An emerging ideology in the DevOps community is the notion that we should treat servers like cattle, not pets.
Instead of giving servers cute names and babying them when they get sick, we should coldly and swiftly dispatch them and spin up new services to take their place. If these are kept in “farms” of servers and services, there should never be a moment when there are no services available for an end user.
This approach is a continuation of high availability concepts, with the commoditization of the compute instance a natural conclusion of auto-scaling and self-healing high availability systems. If the system can grow and shrink, the individual instance loses much of its unique importance. A cow is born, only to die.
But servers aren’t the only thing that can break. Everything, with enough cycles, will have its day. This got me thinking about the frequency of certain infrastructure failures, as well as their relative impacts, and the role of DNS in high availability.
Servers fail often
An individual server will die fairly regularly. This might happen on a daily, weekly, or monthly schedule, depending on your application and the size of your organization. But the effects to users and the business as a whole are minimal, because an individual server’s availability is typically obscured to the user by use of a local load balancer or other such mechanism. There might be a single virtual IP to a data center but hundreds of servers behind it. This is a great way to reduce the exposure of the most common type of failure from the view of users themselves.
Data centers fail, too
Sometimes load balancing for server farm availability isn’t enough. All the resources could be down, the load balancer itself could have issue, or the data center may not be reachable externally. Servers die. Fiber gets cut. Things happen. In these instances, it is common to use DNS-based traffic steering to seamlessly shift traffic to a different available front-end load balancer or data center.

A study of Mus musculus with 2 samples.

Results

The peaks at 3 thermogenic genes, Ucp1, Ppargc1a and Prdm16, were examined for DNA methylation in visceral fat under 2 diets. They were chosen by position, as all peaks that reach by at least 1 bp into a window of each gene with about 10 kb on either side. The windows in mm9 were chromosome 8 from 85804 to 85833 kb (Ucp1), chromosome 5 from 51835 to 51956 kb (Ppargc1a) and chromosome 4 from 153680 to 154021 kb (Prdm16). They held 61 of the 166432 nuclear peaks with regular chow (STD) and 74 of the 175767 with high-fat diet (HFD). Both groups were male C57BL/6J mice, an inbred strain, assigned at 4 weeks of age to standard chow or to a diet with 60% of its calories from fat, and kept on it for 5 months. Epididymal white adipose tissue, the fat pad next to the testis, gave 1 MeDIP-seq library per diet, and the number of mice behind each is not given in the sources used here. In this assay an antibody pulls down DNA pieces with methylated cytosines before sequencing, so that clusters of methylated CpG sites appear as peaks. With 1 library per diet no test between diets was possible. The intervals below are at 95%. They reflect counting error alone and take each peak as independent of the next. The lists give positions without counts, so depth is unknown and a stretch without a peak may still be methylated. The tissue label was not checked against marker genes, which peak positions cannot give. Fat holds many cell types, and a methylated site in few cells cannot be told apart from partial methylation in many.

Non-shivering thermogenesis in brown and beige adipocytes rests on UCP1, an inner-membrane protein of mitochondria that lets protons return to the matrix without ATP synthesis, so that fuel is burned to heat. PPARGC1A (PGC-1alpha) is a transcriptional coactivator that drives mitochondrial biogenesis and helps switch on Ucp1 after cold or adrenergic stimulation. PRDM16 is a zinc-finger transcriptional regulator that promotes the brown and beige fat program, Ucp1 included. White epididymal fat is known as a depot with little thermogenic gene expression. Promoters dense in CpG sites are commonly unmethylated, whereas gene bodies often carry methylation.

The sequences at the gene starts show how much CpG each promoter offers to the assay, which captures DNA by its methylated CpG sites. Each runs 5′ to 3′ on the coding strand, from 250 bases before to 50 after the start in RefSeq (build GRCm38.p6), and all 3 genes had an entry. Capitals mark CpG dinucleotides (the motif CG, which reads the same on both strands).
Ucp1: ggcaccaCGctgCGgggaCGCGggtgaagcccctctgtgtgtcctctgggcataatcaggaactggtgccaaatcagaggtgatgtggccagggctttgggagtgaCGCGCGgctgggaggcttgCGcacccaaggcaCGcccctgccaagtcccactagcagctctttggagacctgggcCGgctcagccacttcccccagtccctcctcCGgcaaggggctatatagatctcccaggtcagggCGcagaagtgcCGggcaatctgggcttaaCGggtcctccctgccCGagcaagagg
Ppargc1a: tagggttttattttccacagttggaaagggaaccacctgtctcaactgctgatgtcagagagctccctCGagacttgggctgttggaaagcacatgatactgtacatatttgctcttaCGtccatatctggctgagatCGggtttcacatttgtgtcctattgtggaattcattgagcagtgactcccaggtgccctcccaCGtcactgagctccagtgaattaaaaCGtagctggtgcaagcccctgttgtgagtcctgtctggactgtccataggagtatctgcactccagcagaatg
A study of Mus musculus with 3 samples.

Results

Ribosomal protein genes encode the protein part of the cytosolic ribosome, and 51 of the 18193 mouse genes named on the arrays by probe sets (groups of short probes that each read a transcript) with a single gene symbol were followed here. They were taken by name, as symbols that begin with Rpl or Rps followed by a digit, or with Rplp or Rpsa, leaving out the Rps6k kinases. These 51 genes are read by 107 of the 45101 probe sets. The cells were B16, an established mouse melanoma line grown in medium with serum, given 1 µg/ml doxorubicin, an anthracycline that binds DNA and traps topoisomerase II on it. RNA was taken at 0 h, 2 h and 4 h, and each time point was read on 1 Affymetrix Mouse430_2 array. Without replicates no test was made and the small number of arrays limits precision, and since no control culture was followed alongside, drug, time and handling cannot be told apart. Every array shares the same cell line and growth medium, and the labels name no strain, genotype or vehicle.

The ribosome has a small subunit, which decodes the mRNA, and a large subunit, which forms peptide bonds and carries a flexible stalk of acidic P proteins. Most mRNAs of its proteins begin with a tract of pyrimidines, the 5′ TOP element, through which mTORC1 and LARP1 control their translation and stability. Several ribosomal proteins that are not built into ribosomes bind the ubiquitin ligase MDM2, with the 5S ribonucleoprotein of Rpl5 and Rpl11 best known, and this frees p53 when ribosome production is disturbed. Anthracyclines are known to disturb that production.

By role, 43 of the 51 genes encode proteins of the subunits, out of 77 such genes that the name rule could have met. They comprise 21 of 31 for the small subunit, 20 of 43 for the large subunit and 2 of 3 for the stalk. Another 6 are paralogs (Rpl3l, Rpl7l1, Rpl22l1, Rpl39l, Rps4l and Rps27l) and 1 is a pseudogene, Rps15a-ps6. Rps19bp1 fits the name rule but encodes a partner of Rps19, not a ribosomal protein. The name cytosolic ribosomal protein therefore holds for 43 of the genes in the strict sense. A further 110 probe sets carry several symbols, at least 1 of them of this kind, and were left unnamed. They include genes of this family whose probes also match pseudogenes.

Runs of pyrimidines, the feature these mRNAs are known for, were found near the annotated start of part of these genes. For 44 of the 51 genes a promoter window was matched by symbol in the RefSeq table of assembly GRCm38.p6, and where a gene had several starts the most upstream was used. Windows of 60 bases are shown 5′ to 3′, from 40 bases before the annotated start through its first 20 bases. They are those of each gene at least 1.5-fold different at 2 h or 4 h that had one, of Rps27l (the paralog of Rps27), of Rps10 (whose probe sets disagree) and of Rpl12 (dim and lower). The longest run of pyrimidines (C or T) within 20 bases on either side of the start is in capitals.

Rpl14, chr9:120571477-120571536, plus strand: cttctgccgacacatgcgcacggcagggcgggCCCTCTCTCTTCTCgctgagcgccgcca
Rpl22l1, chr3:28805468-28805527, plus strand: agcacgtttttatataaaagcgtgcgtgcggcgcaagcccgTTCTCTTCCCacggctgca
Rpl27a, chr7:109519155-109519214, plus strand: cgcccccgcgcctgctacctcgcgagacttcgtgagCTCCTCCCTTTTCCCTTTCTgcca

Traffic steering in DNS helps you get around those problems before the user enters your stack. If a load balancer that’s the entry point to an entire data center were to die, you would remove it from DNS entirely — preferably automatically. Then you could either fix it or kill it and spin up a new one, changing DNS to match.
DNS vendors fail sometimes
Even the biggest DNS networks will have their occasional bad day. A multi-vendor DNS approach solves this problem. Virtually every DNS vendor in operation today, no matter its size, have had moments of difficulty, and the consequences are significant. Forward-looking organizations have multiple DNS vendors right alongside their multiple data centers, load balancers, power supplies, etc.
If you’re just using plain DNS (not with traffic steering), high availability is easily achieved with primary-secondary DNS configurations, which are widely (but not universally) supported. Any vendor with support for XFRs will allow you to add a secondary DNS, syncing your zones. Once synced, the new vendor may be added to delegation.
If you are using traffic steering, the process is a little trickier, but still very doable.
There might be man-in-the-middle attacks
DNS Security Extensions (DNSSEC) provide a verification mechanism to address attacks that aim to take over your DNS. This ensures an actor may not act as a man in the middle to DNS requests, altering answers and sending users to a malicious page. The challenge is that adopting DNSSEC is very complicated. The biggest difficulty is simultaneously doing traffic steering and DNSSEC, especially across multiple providers.
DNSSEC across two providers is easy, because they are normal records. DNSSEC with traffic steering is offered by some vendors that either pre-compile keys for each possibility or sign dynamically on the fly. To my knowledge, at the time of this writing, no domain has ever performed DNSSEC with traffic steering on multiple providers.
Overall, the risk of man-in-the-middle attacks is rare. If an attack were to occur, however, the effects could be enormous.
There are thousands of things that could go wrong with your infrastructure. It is important to assess your technical risks, the frequency with which things break, and the impacts this has on the business. By building multiple layers of control and redundancy, including using DNS for high availability, any single machine, data center, or vendor can break without causing application downtime.